My #MeToo Moment

People/Men are clueless. Wait, let me reword that. Less people/men have a clue than you imagine.

Let’s take my high school boyfriend who assaulted me, for instance. I GUARANTEE that if someone were to say to him, Michelle wrote a book about a girl in high school who has an abusive boyfriend, he would be completely shocked and in denial that it was him. I’m sure he does not think of himself as abusive. He moved right on, after I broke up with him, and immediately started dating the woman he married, who I assume he abuses, because he also abused the two women he dated before me (women talk; we compared notes after the fact). Who knows, maybe he changed. It changed me. I was in denial about the abuse, too, until I forgave. I still suspect my abuser would be shocked that I considered him to be abusive, and would deny that abuse happened. Call it a blackout or white light rage episode, and realize that we all perceive things differently.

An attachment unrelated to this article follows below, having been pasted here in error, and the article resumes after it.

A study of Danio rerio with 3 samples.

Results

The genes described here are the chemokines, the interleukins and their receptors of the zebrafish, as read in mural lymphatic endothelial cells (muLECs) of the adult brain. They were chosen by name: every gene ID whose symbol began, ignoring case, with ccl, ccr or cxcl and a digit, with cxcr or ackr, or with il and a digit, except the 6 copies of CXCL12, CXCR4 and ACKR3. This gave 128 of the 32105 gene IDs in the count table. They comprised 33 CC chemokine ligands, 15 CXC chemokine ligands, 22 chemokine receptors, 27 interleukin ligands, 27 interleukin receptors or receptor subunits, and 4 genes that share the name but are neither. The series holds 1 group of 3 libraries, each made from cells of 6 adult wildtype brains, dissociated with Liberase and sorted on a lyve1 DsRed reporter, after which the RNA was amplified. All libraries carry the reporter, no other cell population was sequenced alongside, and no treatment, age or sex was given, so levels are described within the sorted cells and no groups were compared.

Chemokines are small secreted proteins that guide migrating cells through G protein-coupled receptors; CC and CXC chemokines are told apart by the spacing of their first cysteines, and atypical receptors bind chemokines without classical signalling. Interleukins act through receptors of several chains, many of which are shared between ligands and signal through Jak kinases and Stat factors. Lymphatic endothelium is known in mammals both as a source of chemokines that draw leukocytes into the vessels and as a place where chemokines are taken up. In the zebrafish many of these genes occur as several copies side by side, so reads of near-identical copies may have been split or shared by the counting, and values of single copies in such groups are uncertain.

Luckily, we are here to tell the truth about all of you. I wrote the book about my #MeToo experience (How Good It Can Be) and published it in 2015. No one wanted to hear it, my own personal truth. My family discouraged me from publishing. No one in my family talks about my assault, asks about #MeToo, or knows what a pink pussy hat is. Writing the book was an act of forgiveness, of him, of them.

#MeToo helped me heal, even if I was still doing it completely alone (but in solidarity with strangers online). Even now, I’ve naturally defaulted to the harsh reality I was raised in, where we still live—that admitting your abuse is weak and not to be spoken of (and NEVER play the victim)—however, I have much more compassion for myself and others as we get on with it.